New offshore wind cluster to keep East of England at forefront of global industry


A new East of England offshore wind Cluster Forum will promote the region’s centre of excellence status and its rightful place at the core of the global industry.

The fast-growing supply chain in Norfolk, Suffolk, Essex and Cambridgeshire has come together with developers and skills providers to build on the region’s leadership in this competitive sector.

The cluster’s purpose is to raise awareness of the East of England’s capability and innovation in order to win new investors, develop expertise, and export homegrown skills and services to the rapidly expanding international market.
Almost half the UK’s offshore wind capacity is off the coastline of the East of England. It is now serviced and maintained by a strong and expanding regional supply chain.

One of the Cluster’s first actions will be to attract businesses to participate in a work experience programme, starting early in 2022. It will showcase the diverse, varied, career and work experience opportunities to attract more people into the industry.

The cluster’s first report, supported and published by Vattenfall, defines the purpose of the cluster to place the region at the forefront of the skills development for the global offshore wind industry.  

More than 160 people joined the first cluster event in Lowestoft in September, organised by Vattenfall (who are developing Norfolk Vanguard and Norfolk Boreas offshore wind farms off Norfolk), and the East of England Energy Group (EEEGR).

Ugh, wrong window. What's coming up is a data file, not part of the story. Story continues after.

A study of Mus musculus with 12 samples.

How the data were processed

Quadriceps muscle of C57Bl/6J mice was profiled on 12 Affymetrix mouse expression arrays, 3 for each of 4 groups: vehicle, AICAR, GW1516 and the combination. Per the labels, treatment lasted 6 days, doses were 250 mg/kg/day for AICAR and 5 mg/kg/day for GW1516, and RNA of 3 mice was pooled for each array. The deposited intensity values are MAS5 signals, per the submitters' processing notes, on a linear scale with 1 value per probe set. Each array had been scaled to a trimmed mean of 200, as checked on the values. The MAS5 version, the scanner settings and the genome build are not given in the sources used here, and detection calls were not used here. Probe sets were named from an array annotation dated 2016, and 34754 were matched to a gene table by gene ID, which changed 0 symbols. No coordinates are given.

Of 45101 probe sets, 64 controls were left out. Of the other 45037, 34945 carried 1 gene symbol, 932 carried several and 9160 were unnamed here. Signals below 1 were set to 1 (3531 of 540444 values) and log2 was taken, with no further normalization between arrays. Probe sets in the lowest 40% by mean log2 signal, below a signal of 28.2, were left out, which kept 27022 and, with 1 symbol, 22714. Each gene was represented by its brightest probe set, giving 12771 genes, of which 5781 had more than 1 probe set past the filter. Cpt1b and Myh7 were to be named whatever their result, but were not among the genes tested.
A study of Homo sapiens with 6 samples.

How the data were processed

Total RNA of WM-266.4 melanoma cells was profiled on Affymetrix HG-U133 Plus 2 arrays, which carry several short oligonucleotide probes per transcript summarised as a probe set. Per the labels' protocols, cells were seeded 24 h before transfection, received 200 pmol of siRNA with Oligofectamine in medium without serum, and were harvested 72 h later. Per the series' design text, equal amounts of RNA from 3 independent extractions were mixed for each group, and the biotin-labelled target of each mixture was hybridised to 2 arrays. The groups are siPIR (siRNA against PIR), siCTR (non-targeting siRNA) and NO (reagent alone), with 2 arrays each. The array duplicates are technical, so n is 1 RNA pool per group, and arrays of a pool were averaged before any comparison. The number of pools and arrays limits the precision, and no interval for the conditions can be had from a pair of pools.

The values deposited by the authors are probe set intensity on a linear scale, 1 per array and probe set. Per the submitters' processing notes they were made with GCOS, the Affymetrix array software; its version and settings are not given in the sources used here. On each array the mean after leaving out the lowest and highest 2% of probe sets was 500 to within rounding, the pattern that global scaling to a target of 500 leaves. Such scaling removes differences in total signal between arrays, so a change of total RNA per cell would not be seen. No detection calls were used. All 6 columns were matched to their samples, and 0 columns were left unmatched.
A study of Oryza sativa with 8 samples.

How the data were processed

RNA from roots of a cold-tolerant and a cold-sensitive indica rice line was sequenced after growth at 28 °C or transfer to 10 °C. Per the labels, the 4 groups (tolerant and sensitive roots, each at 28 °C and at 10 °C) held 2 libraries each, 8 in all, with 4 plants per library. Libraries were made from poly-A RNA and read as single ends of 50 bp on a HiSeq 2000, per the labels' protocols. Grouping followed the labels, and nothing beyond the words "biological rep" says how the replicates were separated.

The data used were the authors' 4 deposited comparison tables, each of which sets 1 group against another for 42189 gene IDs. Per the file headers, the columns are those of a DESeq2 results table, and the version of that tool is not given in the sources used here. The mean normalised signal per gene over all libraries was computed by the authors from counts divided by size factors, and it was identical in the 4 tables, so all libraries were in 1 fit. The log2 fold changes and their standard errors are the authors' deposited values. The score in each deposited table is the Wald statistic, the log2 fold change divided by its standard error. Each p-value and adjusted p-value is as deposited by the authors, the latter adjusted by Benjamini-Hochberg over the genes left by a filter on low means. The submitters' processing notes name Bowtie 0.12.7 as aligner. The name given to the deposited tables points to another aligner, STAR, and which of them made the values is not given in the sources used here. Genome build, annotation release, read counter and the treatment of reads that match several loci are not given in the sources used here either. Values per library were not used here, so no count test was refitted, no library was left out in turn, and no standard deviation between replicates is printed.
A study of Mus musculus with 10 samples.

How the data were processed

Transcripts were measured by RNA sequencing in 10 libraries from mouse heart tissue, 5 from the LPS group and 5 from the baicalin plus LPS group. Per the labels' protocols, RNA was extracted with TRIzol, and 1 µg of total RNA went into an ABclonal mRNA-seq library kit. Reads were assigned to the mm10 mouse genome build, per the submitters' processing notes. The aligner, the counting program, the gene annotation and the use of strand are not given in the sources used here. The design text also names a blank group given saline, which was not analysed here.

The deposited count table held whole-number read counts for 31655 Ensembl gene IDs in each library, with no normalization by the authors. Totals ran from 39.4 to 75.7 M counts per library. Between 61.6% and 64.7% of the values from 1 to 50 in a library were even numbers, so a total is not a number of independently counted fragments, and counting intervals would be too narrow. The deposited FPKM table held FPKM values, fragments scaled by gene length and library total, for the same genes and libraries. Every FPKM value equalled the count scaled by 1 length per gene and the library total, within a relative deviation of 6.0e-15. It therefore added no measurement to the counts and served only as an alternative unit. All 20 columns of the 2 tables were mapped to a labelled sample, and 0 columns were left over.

Voting is under way now for the cluster’s first Chair and Vice Chair, who will be announced next month (12|November). The new appointees will be tasked with creating a long-term strategy and plan to attract further investment and opportunity.  

Danielle Lane, Vattenfall’s UK Country Manager and Co-Chair of the Offshore Wind Industry Council said: 
“Offshore wind is a globally competitive industry and we want the East of England to be recognised as a centre of excellence, attracting investment and demand for the skills and innovation which the region offers. For this to happen, we need a strong, unified voice which can bang the drum for East Anglia to attract investment, boost skills, and create jobs.” 

Martin Dronfield, Chairman of the East of England Energy Group and former Board Member of Renewable UK said: “The East of England has achieved incredible progress in the offshore wind industry and has enormous potential, but is often accused of hiding its light under a bushel, getting on with the job rather than shouting about its innovation, excellence, expertise and knowledge.

“It has built on its heritage from maritime and offshore oil and gas to be at the forefront of this exciting renewable sector since it began when Scroby Sands offshore wind farm was built off Great Yarmouth in 2007.

“The cluster will grasp this opportunity to put the region in its rightful place as a global leader, to entice investors and take skills honed here across the world to developing markets, like the US and Taiwan.”

Denise Hone, Training Director at Hexis Training, another member of the steering group for the first event, said:
“Offshore wind presents huge opportunity for us. We have been at the forefront and now it is time to collectively create one voice to maximise on the potential and draw in businesses and individuals that are not even aware that their technology has a part to play in keeping the industry’s pace of progress on track, like robotics and mechanical innovations.

“We are so proud of what we have achieved, what we are achieving and what we could achieve, and creating a cluster will build on that.”